Beyond Standing Rock: Environmental Justice Suffered Setbacks in 2017

'There is a real war going on and it’s a war against health, against the environment and against human rights.'

People protesting the Dakota Access Pipeline path under the Standing Rock tribe's water supply approach a police barricade. Credit: Scott Olson/Getty Images
During the months-long protest over the Dakota Access pipeline, law enforcement officers manned armed barricades and, at times, used rubber bullets and water cannons on protesters in freezing weather. Credit: Scott Olson/Getty Images


The once-thriving camp had united thousands in their shared opposition to construction of a crude oil pipeline and raised hopes for a new era in tribal sovereignty. Its forced clearing on Feb. 23 came just two weeks after the Trump administration granted a final easement for the Dakota Access Pipeline to cross beneath the nearby Missouri River. It was a dark day in a troubling year that saw setbacks for environmental justice, from the Great Plains to America’s island territories.

2017 Year in Review Series

For many in the environmental justice movement, 2017 served as a wake-up call to a new era where no environmental protections are immune from attack—and where much of the harm is borne by the poor.

“There is a real war going on, and it’s a war against health, against the environment and against human rights,” said Robert Bullard, a professor of urban planning and environmental policy and administration of justice at Texas Southern University who is often referred to as the father of environmental justice. “We are reverting to a pre-1970 era where anything goes.”

Among other events that are raising concern about environmental justice:

  • One week after the camp at Standing Rock was cleared, details of the Trump administration’s proposed budget emerged calling for a complete dismantling of the Environmental Protection Agency’s office of environmental justice, an office with a mandate to ensure air and water pollution does not disproportionately impact low-income and minority communities. Mustafa Ali, the long-time head of the agency’s environmental justice program, resigned in protest.
  • In March, EPA Administrator Scott Pruitt suspended new chemical plant safety rules that would have helped prevent and mitigate accidents at petrochemical facilities and protect surrounding communities, where residents are disproportionately low-income and minority. On Aug. 31, a chemical plant in Crosby, Texas, was rocked with explosions after being flooded by Hurricane Harvey. About 300 homes were evacuated and more than 30 people hospitalized—including law enforcement officials who suffered serious bodily injuries after inhaling smoke from the blaze while maintaining an evacuation perimeter a mile and a half away.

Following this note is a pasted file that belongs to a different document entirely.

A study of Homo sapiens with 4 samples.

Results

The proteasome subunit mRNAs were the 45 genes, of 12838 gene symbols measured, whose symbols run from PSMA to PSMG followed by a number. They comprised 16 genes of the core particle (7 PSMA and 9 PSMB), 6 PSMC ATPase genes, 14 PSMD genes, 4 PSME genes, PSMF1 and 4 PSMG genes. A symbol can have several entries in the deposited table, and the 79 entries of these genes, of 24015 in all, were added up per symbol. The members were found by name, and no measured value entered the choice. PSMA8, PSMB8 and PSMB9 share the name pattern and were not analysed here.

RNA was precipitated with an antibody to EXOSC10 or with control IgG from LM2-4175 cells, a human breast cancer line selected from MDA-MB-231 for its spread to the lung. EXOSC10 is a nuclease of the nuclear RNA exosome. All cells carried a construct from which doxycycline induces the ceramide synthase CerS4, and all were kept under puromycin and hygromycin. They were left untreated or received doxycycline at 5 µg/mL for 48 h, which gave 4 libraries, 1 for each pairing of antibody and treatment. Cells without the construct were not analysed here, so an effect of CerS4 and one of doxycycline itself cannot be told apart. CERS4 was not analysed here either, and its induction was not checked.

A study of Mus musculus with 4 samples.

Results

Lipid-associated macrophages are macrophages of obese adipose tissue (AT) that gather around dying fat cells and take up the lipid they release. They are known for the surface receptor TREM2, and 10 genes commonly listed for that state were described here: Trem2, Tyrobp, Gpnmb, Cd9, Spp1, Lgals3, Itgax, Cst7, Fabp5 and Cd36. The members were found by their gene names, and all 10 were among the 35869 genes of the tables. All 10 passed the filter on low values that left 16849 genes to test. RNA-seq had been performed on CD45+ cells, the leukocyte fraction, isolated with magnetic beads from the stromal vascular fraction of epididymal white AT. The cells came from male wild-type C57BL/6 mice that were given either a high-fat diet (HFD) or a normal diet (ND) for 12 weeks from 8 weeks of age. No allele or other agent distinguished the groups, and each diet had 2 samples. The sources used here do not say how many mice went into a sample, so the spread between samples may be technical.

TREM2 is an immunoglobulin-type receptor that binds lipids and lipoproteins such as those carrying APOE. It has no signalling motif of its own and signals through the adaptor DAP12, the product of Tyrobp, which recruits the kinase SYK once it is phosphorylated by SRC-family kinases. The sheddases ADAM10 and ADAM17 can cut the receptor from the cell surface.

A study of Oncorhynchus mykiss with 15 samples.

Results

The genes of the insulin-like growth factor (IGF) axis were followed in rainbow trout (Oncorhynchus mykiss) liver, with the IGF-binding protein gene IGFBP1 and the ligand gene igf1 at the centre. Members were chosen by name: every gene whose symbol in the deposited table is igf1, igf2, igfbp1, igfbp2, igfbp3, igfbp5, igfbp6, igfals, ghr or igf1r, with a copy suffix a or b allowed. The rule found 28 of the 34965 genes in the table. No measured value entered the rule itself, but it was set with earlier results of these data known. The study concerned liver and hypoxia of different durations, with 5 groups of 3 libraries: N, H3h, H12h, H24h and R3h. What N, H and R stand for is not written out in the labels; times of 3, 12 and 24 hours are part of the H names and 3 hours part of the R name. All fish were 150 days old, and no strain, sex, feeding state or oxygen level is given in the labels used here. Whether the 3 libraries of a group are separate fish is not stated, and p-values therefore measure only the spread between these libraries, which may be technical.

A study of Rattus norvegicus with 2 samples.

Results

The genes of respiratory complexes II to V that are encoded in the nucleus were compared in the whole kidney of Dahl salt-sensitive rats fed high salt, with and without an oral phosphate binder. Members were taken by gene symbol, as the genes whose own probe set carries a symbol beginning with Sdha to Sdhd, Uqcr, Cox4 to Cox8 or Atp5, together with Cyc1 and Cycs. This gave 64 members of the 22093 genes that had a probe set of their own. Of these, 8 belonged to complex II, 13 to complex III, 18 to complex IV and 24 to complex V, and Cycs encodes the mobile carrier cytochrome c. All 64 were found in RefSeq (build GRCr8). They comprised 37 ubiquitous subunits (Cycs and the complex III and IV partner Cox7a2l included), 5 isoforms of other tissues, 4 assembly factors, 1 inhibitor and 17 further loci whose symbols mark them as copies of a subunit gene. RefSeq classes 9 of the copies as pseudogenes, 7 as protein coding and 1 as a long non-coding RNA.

• The Trump administration halted a mountaintop mining health risk study by the National Academy of Sciences in August. West Virginia officials had asked for the study after scientists described increased risks of cancer and birth defects near surface coal mining operations.
  • Since November 2016, 27 states have introduced legislation that would restrict the right to protest. Of the 49 bills introduced, eight have passed and 26 are pending, according to the International Center for Not-forProfit Law. Four of the eight laws are in North Dakota and include the mandatory evacuation of a Dakota Access Pipeline protest camp, heightened penalties for riot offences, an expanded scope of criminal trespass activity related to protests and demonstrations, and new penalties for protesters who conceal their identity. 

Neglect in the Islands

The federal government’s slow response to damage from Hurricanes Maria and Irma in Puerto Rico and the U.S. Virgin Islands was perhaps the most evident sign of how environmental justice has been pushed aside by Washington, said Judith Enck, a former Environmental Protection Agency regional administrator who served during the Obama administration.

More than three months after the storms, much of the islands remained without electricity. According to federal government figures, nearly one-third of customers in the U.S. Virgin Islands still had no power, and about one-third of the power generation in Puerto Rico had yet to be restored. Power generation does not directly translate to homes having power, however. The governor of Puerto Rico announced last week that nearly half of customers in his U.S. territory—45 percent—were still without electricity 100 days after Hurricane Maria struck.

“Can you image anywhere in the mainland United States being without electricity for [three] months and such a cavalier attitude being taken by federal officials?” Enck said.

A car battery provides power for a Christmas Eve gathering in Puerto Rico. Credit: Mario Tama/Getty Images
A car battery provided power for a Christmas Eve gathering in Puerto Rico, where nearly half of residents were still without electricity as the year drew to a close. Credit: Mario Tama/Getty Images

Mustafa Ali, now senior vice president of climate, environmental justice and community revitalization with Hip Hop Caucus, said he’s not surprised that industry groups are becoming increasingly brazen in their targeting of environmental activists and their dismissals of pollution concerns, given their newfound access to federal officials.

It “sends a message that you can begin to blame the victim for some of the impacts that are happening inside their communities,” Ali said.

When State Laws Target Protesters

One of the most worrisome trends of 2017 for Bullard was legislation states passed to limit protests when individuals stand up for clean air and clean water.

“That, for me, harkens back to the `60s when states in Dixie, the southern U.S., passed laws and put their state troopers on the side of Jim Crow, racism and bigotry,” he said. “I lived through it. I don’t want to see that again.”